July 2008


Sofrito | Fred Arroyo

Sleeping In | Micah Bateman

On The Road Again | Tyson Blanquart

Kohlrabi | Rebecca Bodicky

Chili-Mac | Michael Castro

Breakfast with the New Madrid | Ian Dorward

Delicious | Hilary Hitchcock

Transmigrated Duck Heart | Thom Fletcher

Improvising | John Garcia

Lines in the Van, Lines in the Sand | Chris King

Hermetic Rice | K. Curtis Lyle

Don't Forget About Your Veggies | s.c. truckey

Mastication | Brett Underwood

Tables | Justin Visnesky



Transmigrated Duck Heart | by Thom Fletcher

1 fresh duck
1 pound morels
6 cloves garlic, minced
½ cup parsley, finely chopped
2 tablespoons dried tarragon
1 cup cooking sherry
1 teaspoon ground black pepper
½ cup olive oil
2 cups rice (white or brown)
5 cups strained chicken stock

Preparing the duck:
The transmigration occurs in the dressing, so it is important that this is done in absolute solitude (no pets!). This method of transmigration gives the duck a faint “woody licorice” taste that will fascinate your guests, but I strongly recommend keeping this step a secret. To some gastronomists transmigration makes for a subtle and exotic delicacy, but others find the idea highly repellent. Before you make the first cut along the breastbone, from throat down, know that Sir Francis Bacon died in London of pneumonia while attempting to preserve a chicken by stuffing it with snow. To this day people have reported seeing the ghostly image of the chicken running in the street. Also know that a sharp knife is a safe knife. As the knife travels down the breast, let the fingers of your other hand follow in the cut but do not allow your sympathies to focus on the duck. Focus instead on what an innocent and promising child you were. Now make a curved cut down the side of the duck at the bottom of the rib-cage. Open the carcass and filet the breast from the ribs. Let this remind you of how the world’s cruel ways have abused and robbed that poor child you used to be. Remove the thighs. Save the breast for roasting, the thighs for confit, and the neck for stock. Now, taking great care not to let tears fall into the carcass, remove the thick outer lining of the gizzards, and remove cartilage between halves. Place hand on gizzards and heart, and allow your loss and shame to pass into the meat. Now forgive the duck, and slice the gizzards across the striated muscle into chunks about 1 inch square. The heart needs only be washed of any congealed blood.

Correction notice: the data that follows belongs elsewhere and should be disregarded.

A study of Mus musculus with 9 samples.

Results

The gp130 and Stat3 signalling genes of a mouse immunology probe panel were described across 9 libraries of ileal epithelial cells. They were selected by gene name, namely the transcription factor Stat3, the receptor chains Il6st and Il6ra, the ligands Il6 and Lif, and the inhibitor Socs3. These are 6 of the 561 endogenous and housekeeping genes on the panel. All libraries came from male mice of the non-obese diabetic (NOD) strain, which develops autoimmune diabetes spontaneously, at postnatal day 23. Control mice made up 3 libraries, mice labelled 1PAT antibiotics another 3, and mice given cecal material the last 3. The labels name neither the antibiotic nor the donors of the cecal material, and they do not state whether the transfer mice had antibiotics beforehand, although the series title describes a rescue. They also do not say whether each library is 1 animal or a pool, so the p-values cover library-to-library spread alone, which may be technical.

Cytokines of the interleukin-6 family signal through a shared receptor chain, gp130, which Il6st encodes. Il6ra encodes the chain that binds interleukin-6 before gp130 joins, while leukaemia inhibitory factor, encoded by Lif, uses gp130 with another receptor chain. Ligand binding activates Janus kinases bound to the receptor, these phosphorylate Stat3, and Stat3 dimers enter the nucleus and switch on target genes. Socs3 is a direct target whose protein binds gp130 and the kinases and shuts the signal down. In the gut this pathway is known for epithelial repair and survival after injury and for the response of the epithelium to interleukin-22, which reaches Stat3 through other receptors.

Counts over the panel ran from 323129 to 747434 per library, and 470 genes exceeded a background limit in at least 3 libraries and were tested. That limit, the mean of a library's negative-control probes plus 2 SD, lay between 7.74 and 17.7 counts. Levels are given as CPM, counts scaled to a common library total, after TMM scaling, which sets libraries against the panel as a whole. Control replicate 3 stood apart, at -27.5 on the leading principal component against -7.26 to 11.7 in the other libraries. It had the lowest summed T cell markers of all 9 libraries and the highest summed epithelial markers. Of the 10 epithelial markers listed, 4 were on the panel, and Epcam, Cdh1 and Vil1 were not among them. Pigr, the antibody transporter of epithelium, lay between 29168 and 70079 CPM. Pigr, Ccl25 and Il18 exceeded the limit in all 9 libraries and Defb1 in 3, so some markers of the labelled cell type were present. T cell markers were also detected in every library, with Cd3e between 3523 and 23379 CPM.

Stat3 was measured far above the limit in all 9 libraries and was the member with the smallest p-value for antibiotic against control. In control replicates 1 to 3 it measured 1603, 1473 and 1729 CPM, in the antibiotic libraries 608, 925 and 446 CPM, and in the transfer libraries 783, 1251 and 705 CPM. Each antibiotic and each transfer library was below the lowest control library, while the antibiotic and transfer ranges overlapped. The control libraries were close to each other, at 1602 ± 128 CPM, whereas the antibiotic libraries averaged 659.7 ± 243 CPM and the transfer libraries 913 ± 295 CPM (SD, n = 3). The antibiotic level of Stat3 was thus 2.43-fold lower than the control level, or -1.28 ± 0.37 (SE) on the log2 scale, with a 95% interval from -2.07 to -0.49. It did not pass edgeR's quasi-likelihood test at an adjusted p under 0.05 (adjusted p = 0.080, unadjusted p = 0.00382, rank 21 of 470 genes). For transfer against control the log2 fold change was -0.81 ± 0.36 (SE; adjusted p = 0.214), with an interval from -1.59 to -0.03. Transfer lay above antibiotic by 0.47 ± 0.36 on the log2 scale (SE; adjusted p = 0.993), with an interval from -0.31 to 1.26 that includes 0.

Now you’re ready to cook! By this point the duck is transmigrated, but you may find it useful to complete the recipe in silent reflection. Sauté gizzards, heart and mushrooms in olive oil over high heat until the mushrooms begin to brown. Add one cup of sherry and reduce heat. Add garlic, parsley, tarragon and pepper. Cook over medium heat for 20 minutes, occasionally adding more sherry. Serve over rice steamed in chicken/duck stock.

Serves 8.


Thom Fletcher is a pneumatic fitting salesman from Ferguson, MO. He is no relation to the Great Masticator, Horace Fletcher, who extolled the virtues of thoroughly chewing both solids and liquids in order to properly release their nutrients.